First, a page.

Disclosure Microsoft is a client of the author.
I started focusing on Windows as an external analyst in 1994, during the ramp-up to Windows 95. In fact, 1995 was a near-magical time for me as the lead launch analyst for Windows; it turned my first and only year at Dataquest into a traveling and media extravaganza.
Reminder: in 1995, laptops were not very useful. They cost a fortune, had no performance, and battery life was measured in minutes. There wasn’t yet a build-it-yourself desktop option, hardware was kept for more than five years, and with desktops and monitors, you could have any color you liked, as long as it was sickly beige.
Each beta version of Windows 95 led to hours of shuffling floppy disks and resolving driver and application incompatibilities; coupled with regular crashes, these problems invariably erased all progress with whatever you were writing if you didn’t save files regularly. I did my first system build that year and discovered that restoring from a backup was painfully long and incredibly annoying when you fried a hard drive. (The motherboard wouldn’t fit in the case due to the lack of standards at the time.)
Still, Windows 95 was an improvement over DOS/Windows, and the actual launch was an event I’ll never forget.
Experiences with Windows have changed dramatically over the last decade, with none of the train-wreck moments created by Windows Millenium, Vista, or Windows 8. Windows 10 has been very stable, far more secure, and comparatively a dream to work with. I’d thought Microsoft was going to make another mistake with Windows 10X — which was due to be announced this month — but the company changed its mind. And Windows 21H1 (I just installed it this week), has so far proven to be a pleasant surprise.
Let’s talk about Windows 21H1 and why Windows 10X would have been a mistake.
Bifurcating Windows is a bad idea
Microsoft has bifurcated Windows several times over the years, and every time it did, the decision to do so ended badly. First, there was OS/2 vs. Dos/Windows, then Windows 95. OS/2 was ahead of its time; the desktop hardware wasn’t yet capable of running a heavy OS. Even at IBM, the primary backer of OS/2, many departments avoided it like the plague for compatibility and slow-boot reasons, though it was arguably more reliable. Then came Windows NT, an updated, clean room version of NT, and Windows 9x.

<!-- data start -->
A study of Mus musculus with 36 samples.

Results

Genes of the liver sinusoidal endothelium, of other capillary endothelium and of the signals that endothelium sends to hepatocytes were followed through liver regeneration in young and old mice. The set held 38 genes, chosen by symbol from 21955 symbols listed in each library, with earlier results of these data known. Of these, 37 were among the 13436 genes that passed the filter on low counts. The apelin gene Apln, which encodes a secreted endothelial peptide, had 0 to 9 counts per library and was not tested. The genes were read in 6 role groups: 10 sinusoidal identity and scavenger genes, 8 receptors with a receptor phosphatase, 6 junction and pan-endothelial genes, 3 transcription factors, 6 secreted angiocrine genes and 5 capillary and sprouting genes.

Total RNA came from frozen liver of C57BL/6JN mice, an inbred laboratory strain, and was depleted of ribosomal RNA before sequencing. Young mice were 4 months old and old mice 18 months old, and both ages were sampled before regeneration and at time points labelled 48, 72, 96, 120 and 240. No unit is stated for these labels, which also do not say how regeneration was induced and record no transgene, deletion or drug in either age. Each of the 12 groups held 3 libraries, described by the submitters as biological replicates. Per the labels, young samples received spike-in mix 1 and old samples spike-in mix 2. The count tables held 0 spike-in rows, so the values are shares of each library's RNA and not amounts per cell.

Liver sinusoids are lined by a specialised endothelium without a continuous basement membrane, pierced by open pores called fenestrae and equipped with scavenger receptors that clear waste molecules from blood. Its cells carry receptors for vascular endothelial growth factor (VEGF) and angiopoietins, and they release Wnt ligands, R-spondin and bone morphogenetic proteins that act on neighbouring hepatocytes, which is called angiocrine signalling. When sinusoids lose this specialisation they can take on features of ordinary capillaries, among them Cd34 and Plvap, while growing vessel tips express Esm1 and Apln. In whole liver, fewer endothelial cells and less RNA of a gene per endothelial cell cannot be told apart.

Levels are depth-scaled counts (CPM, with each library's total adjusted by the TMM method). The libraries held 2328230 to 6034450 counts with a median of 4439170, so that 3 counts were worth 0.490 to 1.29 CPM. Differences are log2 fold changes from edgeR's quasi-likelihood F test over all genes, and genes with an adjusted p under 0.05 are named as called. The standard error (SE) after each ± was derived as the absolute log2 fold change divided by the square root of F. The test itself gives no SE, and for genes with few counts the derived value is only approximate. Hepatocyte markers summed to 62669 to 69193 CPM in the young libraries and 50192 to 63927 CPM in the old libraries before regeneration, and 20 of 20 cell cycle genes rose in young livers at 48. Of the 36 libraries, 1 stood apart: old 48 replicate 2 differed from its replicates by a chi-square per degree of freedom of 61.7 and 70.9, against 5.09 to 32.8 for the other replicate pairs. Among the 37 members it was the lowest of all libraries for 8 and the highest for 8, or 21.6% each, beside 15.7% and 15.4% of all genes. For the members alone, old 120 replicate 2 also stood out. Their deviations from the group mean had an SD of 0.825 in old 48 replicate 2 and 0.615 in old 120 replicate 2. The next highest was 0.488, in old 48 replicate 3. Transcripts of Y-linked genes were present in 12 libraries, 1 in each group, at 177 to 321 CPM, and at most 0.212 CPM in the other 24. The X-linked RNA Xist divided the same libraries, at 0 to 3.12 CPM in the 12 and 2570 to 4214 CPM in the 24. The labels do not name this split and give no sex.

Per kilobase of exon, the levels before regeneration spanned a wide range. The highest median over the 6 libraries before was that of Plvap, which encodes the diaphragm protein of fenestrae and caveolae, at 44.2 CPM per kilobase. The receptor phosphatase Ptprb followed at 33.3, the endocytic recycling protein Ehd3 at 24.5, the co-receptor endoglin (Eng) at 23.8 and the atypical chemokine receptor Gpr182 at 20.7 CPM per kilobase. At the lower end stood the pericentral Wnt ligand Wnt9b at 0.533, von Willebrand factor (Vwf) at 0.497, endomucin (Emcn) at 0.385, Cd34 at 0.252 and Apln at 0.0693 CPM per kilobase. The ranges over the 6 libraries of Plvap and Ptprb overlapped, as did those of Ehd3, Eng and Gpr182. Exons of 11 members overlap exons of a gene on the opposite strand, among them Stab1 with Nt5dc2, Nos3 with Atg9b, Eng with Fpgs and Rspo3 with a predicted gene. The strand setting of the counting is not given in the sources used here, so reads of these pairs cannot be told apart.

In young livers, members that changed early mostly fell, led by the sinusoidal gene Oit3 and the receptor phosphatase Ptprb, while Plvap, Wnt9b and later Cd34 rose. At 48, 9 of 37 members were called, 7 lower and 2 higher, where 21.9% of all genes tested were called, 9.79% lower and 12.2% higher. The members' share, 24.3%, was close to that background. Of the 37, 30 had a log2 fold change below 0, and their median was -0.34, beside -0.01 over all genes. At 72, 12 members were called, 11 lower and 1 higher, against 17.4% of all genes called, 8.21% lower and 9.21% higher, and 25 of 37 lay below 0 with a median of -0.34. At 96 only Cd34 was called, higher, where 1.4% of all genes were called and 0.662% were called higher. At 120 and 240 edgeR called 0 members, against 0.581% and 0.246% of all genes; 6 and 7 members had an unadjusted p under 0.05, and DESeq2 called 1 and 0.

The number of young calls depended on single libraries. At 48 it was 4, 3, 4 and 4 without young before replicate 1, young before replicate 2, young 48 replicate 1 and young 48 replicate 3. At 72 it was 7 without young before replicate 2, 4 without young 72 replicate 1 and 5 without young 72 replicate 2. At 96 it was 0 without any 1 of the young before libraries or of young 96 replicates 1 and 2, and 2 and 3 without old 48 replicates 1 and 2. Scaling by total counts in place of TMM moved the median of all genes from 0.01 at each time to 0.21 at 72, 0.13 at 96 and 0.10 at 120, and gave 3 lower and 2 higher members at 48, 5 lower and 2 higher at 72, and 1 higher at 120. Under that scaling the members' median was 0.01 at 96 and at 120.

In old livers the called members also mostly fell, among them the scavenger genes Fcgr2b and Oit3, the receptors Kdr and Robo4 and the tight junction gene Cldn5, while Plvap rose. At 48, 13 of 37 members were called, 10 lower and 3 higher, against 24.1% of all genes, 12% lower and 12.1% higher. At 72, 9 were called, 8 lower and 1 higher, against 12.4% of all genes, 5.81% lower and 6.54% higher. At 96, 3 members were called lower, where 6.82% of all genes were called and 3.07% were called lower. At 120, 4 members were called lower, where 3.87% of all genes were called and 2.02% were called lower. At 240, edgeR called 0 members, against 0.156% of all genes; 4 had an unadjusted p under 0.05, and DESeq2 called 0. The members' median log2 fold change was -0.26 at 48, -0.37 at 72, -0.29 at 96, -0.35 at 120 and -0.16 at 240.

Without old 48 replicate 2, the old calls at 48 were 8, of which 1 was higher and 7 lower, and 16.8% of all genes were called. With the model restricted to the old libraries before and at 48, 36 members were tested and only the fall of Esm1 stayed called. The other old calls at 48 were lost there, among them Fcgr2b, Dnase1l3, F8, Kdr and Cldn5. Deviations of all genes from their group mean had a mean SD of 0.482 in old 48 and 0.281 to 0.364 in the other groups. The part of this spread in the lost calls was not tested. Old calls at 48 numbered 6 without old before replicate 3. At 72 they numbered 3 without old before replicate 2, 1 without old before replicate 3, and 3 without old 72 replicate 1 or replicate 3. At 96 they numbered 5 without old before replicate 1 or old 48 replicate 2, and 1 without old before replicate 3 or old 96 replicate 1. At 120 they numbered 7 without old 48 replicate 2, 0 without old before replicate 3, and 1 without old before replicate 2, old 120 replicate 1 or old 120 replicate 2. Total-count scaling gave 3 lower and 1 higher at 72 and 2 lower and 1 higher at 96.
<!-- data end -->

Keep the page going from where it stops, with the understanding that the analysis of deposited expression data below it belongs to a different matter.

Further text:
Windows NT went from being an alternative to UNIX to becoming the “corporate” desktop OS. Windows 9x focused on consumers, but in-fighting between the two groups was ugly, and when Windows 2000 (the follow on to NT) and Windows Millennium came out, neither OS was loved. Millenium, in fact, was a train wreck.
Windows 2000 became Windows XT, but there were embedded versions of Windows and versions that worked on an ARM that sucked as the failed Windows Mobile and Phone platforms. Every time Microsoft tried to have multiple desktop versions of its OS, things ended badly.
I expected Windows 10X to continue that trend. Fortunately for us, someone at Microsoft got tired of dealing with new Windows variants and decided to roll many of the Windows 10X features into a full Windows 10 update. Thus, we got Windows 10 21H1.
Windows 10X vs. 21H1
Windows 10X, which initially targeted education, was supposed to have a new Taskbar that looked like a copy of Apple’s taskbar and a new start menu that looked like it came from a smartphone. (Users really hate when you change user interfaces, and dumping this on students likely wouldn’t have ended well.) You’ll be glad to know that those interface changes appear to be gone in 21H1. Also not changed as would have been in Windows 10X: the file explorer. In fact, after the latest Windows 10 update, my system generally doesn’t feel that much different.
What has changed is that Windows Update seems to be much faster, allowing you to load updates more quickly. Security on the platform appears to be more robust, with tighter controls and protections over the OS files and far better resistance to malware. With this change, I expect entire classes of malware will fail if they try to execute anything bad.
Another improvement is that Windows 10 21H1 does seem to handle multiple cameras better. I have two cameras, a Poly 15 that I mostly use for videoconferencing, and a just-released Dell Video camera I mainly for Windows Hello. I now seem to be able to switch between these cameras much more quickly and should be able to switch to other cameras more seamlessly after this update.
With increasing concerns about malware and hacking attacks, an update focused mainly on improving the update experience and on platform security is likely be better received than Windows 10X would have been. I’m not saying that improving usability at some point won’t make sense. But as we emerge from the pandemic and try to decide whether we will ever travel or go into the office again, this isn’t the time to make significant interface changes.
A concept called “minimum necessary change” applies to highly disruptive times like this. It appears Windows 10 21H1 is following that concept, because it appears to change what we needed to be changed, and pretty much leaves everything else alone. We are dealing with enough change at the moment.
So far, the 21H1 release has been painless and pleasant, which is all I look for in any Windows update. The 1990s were fun. But I have no desire to revisit the pain of those early versions of Windows and hope Microsoft sticks with the “minimum necessary change” concept.